The Risks are Rising for Cities in Anthropocene Era
In the Anthropocene era we are living in, man-made and natural risks are intersecting and clashing like never before, with impacts never previously seen in human history. This has prompted a variety of organisations to study its impacts, with some surprising and frightening results. For example, in 2015, Lloyd’s and the Cambridge Centre for Risk Studies published a fascinating study on cities at risk around the globe from both types of risks. It was the first of its kind that mapped out how $4.6 trillion of approximately 300 cities’ Gross Domestic Product was at risk from man-made and/or naturally occurring risks. Among its conclusions was that man-made risks are becoming increasingly significant, new and emerging threats are having a rising impact on the overall risk landscape, and the bulk of the cost of these risks will ultimately be borne by the developing world, which is in the least favourable position to do something about it.
Excluding the risk of a market crash, human pandemics, wind storms, earthquakes, floods and cyberattacks were identified as four of the top five risks in the Lloyd’s study, accounting for approximately half of the assets at risk. Cities with high asset values were judged to be the most financially exposed in absolute terms, with Hong Kong, New York, Seoul, Shanghai, Tokyo all having significant levels of economic exposure to the impacts of catastrophic events. Istanbul, Taipei, Tokyo, and Osaka exemplify cities that have a combination of high economic value and high exposure to both natural catastrophes and man-made risks, such as financial market crash or oil price shock. The same is true of cities such as Los Angeles and New York, where cyberattacks were judged to be significant emerging risks. And in cities like Hong Kong and Shanghai, human pandemic was identified as an additional risk.
A 2018 study published by the Virtual Capitalist mapped the world’s wealthiest cities, with the top 15 cities accounting for approximately $24 trillion in wealth. The top six cities—with estimated wealth ranging from $3 trillion to $2 trillion each—were New York, London, Tokyo, San Francisco, Beijing and Shanghai. Of the top 15, 10 were coastal cities and all were centres of financial activity. As was the case with the Lloyd’s study, the majority of the cities with the most at risk were coastal cities, which were also financial centres.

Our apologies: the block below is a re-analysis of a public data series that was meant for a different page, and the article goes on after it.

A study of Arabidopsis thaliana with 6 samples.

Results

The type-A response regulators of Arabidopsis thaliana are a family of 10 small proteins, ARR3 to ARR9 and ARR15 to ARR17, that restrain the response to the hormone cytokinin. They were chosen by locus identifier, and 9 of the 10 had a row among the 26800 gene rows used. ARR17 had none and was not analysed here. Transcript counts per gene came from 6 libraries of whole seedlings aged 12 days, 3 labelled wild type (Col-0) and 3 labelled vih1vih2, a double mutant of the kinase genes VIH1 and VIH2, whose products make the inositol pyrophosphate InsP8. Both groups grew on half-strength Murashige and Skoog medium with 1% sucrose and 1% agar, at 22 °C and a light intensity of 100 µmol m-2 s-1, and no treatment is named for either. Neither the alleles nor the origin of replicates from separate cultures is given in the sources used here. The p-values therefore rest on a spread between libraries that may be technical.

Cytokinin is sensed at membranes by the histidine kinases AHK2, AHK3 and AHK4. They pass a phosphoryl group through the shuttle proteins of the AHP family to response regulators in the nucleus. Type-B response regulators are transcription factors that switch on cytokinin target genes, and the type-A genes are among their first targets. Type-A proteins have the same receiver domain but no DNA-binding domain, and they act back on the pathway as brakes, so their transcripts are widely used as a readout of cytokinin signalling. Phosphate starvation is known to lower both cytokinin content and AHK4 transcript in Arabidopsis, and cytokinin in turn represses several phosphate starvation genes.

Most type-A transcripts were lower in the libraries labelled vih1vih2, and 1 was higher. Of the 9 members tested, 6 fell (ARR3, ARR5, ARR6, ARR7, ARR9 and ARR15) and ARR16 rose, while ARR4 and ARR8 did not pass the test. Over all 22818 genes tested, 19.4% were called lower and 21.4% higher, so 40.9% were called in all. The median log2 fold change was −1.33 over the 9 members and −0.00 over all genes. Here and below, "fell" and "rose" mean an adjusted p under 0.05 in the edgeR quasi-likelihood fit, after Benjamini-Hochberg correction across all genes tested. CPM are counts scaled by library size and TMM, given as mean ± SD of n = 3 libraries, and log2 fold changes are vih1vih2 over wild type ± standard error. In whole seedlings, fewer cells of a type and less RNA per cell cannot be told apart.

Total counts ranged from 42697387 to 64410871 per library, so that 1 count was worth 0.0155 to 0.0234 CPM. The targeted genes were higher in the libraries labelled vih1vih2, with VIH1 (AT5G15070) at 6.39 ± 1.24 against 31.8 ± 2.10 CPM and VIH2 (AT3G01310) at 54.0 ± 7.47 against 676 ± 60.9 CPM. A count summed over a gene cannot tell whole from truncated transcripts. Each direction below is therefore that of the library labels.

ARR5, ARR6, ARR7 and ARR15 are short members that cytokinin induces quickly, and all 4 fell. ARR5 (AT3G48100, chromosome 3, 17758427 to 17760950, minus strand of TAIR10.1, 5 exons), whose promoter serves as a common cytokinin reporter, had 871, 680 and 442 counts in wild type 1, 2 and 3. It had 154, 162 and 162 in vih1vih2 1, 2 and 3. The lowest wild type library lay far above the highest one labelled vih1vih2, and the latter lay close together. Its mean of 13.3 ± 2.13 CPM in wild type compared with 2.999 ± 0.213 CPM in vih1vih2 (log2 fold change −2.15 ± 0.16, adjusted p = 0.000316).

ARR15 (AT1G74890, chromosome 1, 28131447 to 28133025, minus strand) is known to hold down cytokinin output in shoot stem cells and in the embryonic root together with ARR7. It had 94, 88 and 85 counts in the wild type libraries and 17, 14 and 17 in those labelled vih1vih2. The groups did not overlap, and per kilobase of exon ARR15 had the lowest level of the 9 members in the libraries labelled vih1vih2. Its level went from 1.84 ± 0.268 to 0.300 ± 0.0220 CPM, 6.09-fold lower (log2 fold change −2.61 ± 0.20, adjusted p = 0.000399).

Consider, then, the potential impact that climate change could have on the global economy by virtue of the fact that most of the world’s financial centres and wealthiest cities are adjacent to oceans that would be negatively impacted by rising sea levels. The Organization of Economic Cooperation and Development produced a study outlining the top 10 cities at risk of from rising sea levels (based on current projections) into the year 2070. In terms of population size, those cities were (in descending order) Kolkata, Mumbai, Dhaka, Guangzhou, Ho Chi Minh City, Shanghai, Bangkok, Yangon, Miami and Hai Phong. In other words, nine of the 10 were in Asia. Based on asset size, the top 10 cities at risk from rising sea levels into the year 2070 (again based on descending order) were Miami, Guangdong, New York, Kolkata, Shanghai, Mumbai, Tianjin, Tokyo, Hong Kong, and Bangkok. Once again, eight of the 10 were Asian cities, with only two located in North America.
Most of us are unaccustomed to thinking about the Anthropocene era in terms of how the clash between man-made and natural risks is impacting, and will impact in the future, people, assets, cities, and countries on a grand scale. Fortunately, some of the world’s best respected organisations are doing just that, and the results are sobering. It is clear, based on the information presented here, and on many other studies and ongoing research, that the collective impact on humanity from this clash is already profound and threatens to get much worse within many of our lifetimes. Too few city, state, and federal governments are thinking serious about future impacts or devoting the resources and funding needed to combat the looming threat.
At the pace that the clash between man-made and natural risks is occurring, there can be little doubt that rising sea levels will have profound impacts on the world’s coastal cities. What would happen if, as predicted, in just 50 years, many of the world’s financial centres were under water?
An inability to predict where the next weather event will occur has placed a premium on understanding the nature of risk, establishing a program to protect assets and respond, and having the organisational resilience to be able to withstand whatever comes our way. Resilience is no longer simply a matter of having the right insurance in place (while this remains an important piece of the puzzle), it is a function of having the right frame of mind, a plugged-in view of the world, and a defensive posture that will allow for a swift, nimble and coordinated response.
Those firms and governments that are successfully managing risk today are not caught off guard when a risk is barrelling toward them. Instead, they are anticipating those risks and devoting the resources necessary to tackle them, head on. Surely, the world’s cities and nations need to do a better job of getting out in front of the clash between man-made and natural risks. The stakes are simply too high to do otherwise.
This article was originally posted in The Sunday Guardian.